David Gregory's "Hey I'm just asking but are you a criminal?" question on Sunday's Meet the Press has been getting a lot of attention, but it's not the only Sunday morning discussion of Edward Snowden that deserves a look.
SENOR: Snowden's, you know, interviews that he gave, and documents he released to the Chinese press, obviously puts us in a very uncomfortable position. But I think domestically, the U.S., I think this further strengthens the center on national security. I think there was a real risk over the last couple weeks that there would be this left/right coalition that would backlash against the United States government, sort of libertarian uprising. And I think Snowden just traveling around the world, flying to these anti-American capitals, behaving the way he's doing further strengthens–I think the center is holding right now in the U.S., and I think that's a positive development.
RADDATZ: How about the great irony here, that he's complaining about the United States and all these things the United States is doing wrong, and he might end up in Venezuela? Good luck, pal.
So we have the usual scoffing about Snowden's possible destination–Venezuela, where Raddatz apparently thinks criticizing the government isn't allowed. But Senor's other point is deeper, and more revealing. To him, "there was a real risk" that the Snowden story would produce a "left/right coalition" that would oppose NSA's policies. But Snowden's behavior has thankfully put a damper on that.
It's a point that was made elsewhere in the show–which, to be clear, did not try very hard to present a wide-ranging debate on this issue. Richard Haass of the Council on Foreign Relations had this to say:
Look, so many people in media and elsewhere called this guy a whistleblower. He's not a whistleblower. He's a felon. He has endangered the lives of Americans. I think this story is beginning to turn, and that's important.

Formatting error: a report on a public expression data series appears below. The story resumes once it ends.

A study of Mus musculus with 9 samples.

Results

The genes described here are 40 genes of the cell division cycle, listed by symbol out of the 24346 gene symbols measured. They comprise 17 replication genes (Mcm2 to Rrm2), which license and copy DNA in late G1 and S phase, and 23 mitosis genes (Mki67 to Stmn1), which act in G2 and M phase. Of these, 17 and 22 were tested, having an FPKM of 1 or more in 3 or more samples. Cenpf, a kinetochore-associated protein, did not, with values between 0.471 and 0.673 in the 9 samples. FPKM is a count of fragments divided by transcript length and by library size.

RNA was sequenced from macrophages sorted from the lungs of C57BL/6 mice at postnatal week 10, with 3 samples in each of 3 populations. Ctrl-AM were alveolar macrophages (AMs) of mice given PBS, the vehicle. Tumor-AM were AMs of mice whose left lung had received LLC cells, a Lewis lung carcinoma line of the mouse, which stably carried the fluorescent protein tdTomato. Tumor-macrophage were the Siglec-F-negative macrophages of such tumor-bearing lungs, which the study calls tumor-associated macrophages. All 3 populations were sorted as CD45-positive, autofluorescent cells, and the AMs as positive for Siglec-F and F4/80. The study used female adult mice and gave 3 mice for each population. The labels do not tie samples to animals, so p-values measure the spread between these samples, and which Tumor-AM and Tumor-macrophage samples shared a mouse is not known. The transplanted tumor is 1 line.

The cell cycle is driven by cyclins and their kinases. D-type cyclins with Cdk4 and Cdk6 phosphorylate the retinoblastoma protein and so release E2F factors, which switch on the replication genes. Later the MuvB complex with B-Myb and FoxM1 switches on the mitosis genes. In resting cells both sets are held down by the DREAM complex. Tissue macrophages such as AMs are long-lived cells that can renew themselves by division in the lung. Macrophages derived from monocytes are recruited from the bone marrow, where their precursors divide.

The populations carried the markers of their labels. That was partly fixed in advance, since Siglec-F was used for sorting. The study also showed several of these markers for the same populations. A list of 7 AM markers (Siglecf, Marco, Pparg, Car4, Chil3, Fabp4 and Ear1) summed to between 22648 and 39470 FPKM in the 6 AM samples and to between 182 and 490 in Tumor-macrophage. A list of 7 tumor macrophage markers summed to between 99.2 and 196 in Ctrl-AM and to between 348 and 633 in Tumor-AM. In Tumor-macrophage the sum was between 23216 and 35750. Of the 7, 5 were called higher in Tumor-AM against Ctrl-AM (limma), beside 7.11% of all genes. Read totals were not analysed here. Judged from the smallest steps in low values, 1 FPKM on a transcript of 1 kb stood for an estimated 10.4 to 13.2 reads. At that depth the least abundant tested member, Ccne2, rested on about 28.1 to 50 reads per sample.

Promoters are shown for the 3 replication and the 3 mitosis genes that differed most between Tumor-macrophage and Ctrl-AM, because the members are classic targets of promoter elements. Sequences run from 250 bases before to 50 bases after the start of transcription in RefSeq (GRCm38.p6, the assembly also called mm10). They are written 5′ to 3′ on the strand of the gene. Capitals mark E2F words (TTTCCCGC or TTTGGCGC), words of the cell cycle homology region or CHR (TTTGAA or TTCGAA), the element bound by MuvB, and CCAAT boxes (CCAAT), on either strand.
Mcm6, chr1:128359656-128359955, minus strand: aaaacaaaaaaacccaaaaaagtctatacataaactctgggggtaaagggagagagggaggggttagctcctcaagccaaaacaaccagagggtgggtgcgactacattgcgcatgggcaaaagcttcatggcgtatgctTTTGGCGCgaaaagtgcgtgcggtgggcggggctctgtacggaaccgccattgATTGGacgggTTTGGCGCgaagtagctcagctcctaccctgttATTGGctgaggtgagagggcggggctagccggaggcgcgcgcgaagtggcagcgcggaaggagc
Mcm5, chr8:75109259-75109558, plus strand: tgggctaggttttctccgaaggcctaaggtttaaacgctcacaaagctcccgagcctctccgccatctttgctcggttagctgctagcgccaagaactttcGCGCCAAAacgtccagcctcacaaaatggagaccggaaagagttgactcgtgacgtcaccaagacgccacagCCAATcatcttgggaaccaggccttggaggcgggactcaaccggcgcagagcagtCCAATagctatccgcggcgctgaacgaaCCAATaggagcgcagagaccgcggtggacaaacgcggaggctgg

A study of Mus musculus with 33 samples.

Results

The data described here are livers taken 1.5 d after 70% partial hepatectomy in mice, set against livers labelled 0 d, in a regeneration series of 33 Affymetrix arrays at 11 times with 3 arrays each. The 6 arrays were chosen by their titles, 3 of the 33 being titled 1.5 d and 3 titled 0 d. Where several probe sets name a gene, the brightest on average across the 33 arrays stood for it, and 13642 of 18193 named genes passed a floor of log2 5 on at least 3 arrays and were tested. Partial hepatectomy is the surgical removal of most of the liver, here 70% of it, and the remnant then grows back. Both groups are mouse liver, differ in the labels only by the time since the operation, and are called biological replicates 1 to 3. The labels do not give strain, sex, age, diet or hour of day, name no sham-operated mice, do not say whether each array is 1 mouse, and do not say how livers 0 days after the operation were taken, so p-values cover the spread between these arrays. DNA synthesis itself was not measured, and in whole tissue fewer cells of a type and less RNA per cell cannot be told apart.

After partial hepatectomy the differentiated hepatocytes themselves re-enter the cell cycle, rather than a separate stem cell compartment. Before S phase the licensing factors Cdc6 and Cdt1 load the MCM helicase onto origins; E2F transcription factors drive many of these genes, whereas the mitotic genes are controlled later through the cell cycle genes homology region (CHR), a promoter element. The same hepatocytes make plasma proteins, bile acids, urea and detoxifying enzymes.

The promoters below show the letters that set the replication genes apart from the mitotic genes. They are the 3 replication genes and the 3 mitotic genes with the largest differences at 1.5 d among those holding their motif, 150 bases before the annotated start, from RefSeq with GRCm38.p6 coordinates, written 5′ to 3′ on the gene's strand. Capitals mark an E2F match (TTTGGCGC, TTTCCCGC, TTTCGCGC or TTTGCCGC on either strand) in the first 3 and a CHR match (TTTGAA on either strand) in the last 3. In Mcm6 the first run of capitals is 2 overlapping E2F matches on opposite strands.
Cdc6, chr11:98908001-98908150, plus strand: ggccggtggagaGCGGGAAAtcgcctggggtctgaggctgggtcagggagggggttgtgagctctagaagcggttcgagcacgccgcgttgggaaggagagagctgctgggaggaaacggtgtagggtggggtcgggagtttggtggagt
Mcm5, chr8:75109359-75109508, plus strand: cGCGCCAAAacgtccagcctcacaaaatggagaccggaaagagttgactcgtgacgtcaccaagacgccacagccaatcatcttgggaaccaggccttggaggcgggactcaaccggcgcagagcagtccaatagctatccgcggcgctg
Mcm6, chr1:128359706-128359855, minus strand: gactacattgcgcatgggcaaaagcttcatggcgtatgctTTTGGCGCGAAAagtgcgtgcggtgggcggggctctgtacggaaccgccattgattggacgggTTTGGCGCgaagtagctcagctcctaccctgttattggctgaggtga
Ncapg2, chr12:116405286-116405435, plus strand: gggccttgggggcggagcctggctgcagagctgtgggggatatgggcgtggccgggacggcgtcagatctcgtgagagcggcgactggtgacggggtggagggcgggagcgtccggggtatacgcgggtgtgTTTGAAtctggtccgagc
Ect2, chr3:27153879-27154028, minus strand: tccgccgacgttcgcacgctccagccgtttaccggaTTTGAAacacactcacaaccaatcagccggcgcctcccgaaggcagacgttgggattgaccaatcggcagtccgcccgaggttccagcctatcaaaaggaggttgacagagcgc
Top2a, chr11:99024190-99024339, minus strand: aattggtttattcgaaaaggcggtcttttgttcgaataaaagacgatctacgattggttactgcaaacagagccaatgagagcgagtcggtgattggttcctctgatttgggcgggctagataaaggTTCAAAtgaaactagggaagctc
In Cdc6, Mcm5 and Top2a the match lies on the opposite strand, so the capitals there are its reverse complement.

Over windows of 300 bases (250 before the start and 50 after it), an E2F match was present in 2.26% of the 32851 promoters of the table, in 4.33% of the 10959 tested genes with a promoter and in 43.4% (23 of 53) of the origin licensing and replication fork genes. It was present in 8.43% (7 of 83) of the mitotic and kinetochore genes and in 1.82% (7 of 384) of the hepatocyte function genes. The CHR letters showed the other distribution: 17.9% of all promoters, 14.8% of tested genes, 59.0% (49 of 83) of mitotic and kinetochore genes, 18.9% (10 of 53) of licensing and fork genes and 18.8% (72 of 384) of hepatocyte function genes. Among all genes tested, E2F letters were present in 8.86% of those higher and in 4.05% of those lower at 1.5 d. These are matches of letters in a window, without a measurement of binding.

ABC host George Stephanopoulos could have pointed out that being accused of a crime isn't the same thing as being guilty. Or he could have asked Haass to explain how Snowden has endangered millions. Instead, he said this:
And the majority of Americans, as you point out, do believe he should be prosecuted.
Well, thanks for that.
So is the center "holding" on Snowden and the NSA's surveillance? That's hard to say. A Gallup poll (6/12/13) found 53 percent disapproved of the NSA surveillance program, with 37 percent approving. Much of the public discussion about Snowden notes that there are certain incongruities; many support prosecuting Snowden, but also believe that his disclosures served the public interest–49 percent to 44 percent, according to a recent USA Today/Pew poll (6/18/13).
Interestingly, ABC (6/19/13) has its own polling on the issue of prosecuting Snowden. They found 43 percent supported charging him–and 48 percent opposed. So "the majority of Americans" are not telling Stephanopoulos' network that they believe Snowden should be prosecuted.
Given the media debate about the Snowden revelations–when shows like This Week have discussions that feature three different flavors of Snowden criticism–the fact that many in the public still support his whistleblowing suggests that Senor's fears of a broad pro-transparency movement might be well-placed.